Share / Print
Research Highlights

Do Variable Annuities Make for Fragile Insurance Markets?

KoijenBody

The persistent underfunding of pension funds may foreshadow similar problems for life insurers in the future, and the fact that life insurers are publicly traded and subject to market discipline could lead to additional challenges.

One of the less headline-grabbing effects of the 2008 financial crisis was the decline in sales and rise in fees of variable annuities, which are mutual funds with long-dated minimum return guarantees. New research from NYU Stern Professor Ralph S.J. Koijen studies the evolution of the variable annuities market and highlights the importance of financial and regulatory frictions in the pricing and design of variable annuities following the financial crisis.
 
In “The Fragility of Market Risk Insurance,” Professor Koijen and Princeton’s Motohiro Yogo plumb the phenomenon of minimum return guarantees in variable annuities and show how these guarantees ended up backfiring on insurers after 2008. They analyzed relevant contract-level data collected from 1999 through 2015, combined with annual financial statements of insurers from 2005 through 2015. Insurance companies that experience larger losses increase fees and reduce the level of guarantees. In addition, those companies whose liabilities increased the most resorted to affiliated reinsurance (i.e., shadow insurance) to move them off the balance sheet, which relaxes regulatory capital constraints.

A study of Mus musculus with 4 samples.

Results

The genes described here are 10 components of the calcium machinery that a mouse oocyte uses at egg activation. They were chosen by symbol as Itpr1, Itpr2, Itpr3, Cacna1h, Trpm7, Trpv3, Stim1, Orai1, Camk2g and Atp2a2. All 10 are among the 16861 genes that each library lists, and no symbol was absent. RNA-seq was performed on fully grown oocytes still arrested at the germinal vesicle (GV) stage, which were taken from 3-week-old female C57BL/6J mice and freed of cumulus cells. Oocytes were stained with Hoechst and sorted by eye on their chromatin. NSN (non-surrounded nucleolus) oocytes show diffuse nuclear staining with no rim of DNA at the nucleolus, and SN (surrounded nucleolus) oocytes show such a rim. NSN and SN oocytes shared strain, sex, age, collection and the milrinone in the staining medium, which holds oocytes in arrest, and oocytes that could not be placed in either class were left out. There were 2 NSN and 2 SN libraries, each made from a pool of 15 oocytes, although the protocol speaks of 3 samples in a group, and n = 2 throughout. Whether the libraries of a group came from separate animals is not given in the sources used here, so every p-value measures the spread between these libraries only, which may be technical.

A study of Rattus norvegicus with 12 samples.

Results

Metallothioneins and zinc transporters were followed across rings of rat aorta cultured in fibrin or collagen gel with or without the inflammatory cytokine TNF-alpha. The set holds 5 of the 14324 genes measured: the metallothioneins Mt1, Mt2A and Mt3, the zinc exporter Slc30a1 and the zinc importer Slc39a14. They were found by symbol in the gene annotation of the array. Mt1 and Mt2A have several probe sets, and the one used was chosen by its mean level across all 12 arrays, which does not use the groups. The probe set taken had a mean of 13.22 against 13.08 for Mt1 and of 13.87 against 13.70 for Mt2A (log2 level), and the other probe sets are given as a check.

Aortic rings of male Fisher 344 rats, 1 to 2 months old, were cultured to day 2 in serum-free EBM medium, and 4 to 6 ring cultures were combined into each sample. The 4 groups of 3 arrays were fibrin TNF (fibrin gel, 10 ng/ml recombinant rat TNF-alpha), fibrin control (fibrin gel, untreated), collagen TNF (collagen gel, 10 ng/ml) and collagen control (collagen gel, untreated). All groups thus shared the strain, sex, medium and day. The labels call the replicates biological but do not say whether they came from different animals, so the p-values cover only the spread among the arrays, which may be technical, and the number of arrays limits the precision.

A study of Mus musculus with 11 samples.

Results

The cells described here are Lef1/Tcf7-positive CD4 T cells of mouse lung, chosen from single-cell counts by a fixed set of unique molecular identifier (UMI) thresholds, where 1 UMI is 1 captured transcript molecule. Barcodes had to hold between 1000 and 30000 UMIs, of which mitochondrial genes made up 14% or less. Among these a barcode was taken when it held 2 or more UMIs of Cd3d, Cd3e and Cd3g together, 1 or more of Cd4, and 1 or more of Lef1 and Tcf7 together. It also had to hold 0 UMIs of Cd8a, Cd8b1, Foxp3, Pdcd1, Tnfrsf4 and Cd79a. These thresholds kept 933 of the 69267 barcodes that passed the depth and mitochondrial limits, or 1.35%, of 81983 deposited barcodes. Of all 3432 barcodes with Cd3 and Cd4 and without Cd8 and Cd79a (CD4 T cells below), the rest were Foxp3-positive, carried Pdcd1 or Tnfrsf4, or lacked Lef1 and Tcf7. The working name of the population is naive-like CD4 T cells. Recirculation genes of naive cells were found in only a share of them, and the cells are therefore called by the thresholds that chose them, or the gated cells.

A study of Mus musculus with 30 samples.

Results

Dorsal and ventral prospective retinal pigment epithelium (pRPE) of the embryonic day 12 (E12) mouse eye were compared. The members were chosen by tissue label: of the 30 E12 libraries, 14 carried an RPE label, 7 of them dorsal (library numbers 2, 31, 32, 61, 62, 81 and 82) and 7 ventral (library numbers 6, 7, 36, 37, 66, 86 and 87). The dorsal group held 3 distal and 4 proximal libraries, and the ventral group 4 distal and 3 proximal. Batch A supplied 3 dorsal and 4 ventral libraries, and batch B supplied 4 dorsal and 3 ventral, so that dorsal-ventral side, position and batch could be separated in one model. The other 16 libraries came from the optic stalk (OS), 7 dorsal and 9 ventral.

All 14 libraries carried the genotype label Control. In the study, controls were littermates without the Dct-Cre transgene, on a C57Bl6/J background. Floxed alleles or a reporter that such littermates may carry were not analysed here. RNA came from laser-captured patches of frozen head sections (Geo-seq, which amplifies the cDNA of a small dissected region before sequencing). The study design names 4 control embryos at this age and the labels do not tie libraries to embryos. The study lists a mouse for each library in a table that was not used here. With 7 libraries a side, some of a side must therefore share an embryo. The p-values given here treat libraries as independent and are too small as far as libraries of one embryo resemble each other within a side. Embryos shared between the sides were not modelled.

As the authors point out, the variable annuity market is a relatively unsung powerhouse for insurance companies, accounting for $1.5 trillion or 34 percent of US life insurer liabilities in 2015. But sales peaked in the fourth quarter of 2007 at $41 billion, just before the crisis, subsequently shrinking to $27 billion by the second quarter of 2009. During that period, the average fee on minimum return guarantees almost doubled and insurers reduced, and in some cases stopped offering, such guarantees.
 
A key message is that the risk profile of modern life insurance companies changed as a result of offering long-dated minimum return guarantees instead of traditional life and annuity products. Consequently, modern life insurance companies more closely resemble defined-benefit pension plans. The authors furthermore write that “The persistent underfunding of pension funds may foreshadow similar problems for life insurers in the future, and the fact that life insurers are publicly traded and subject to market discipline could lead to additional challenges.”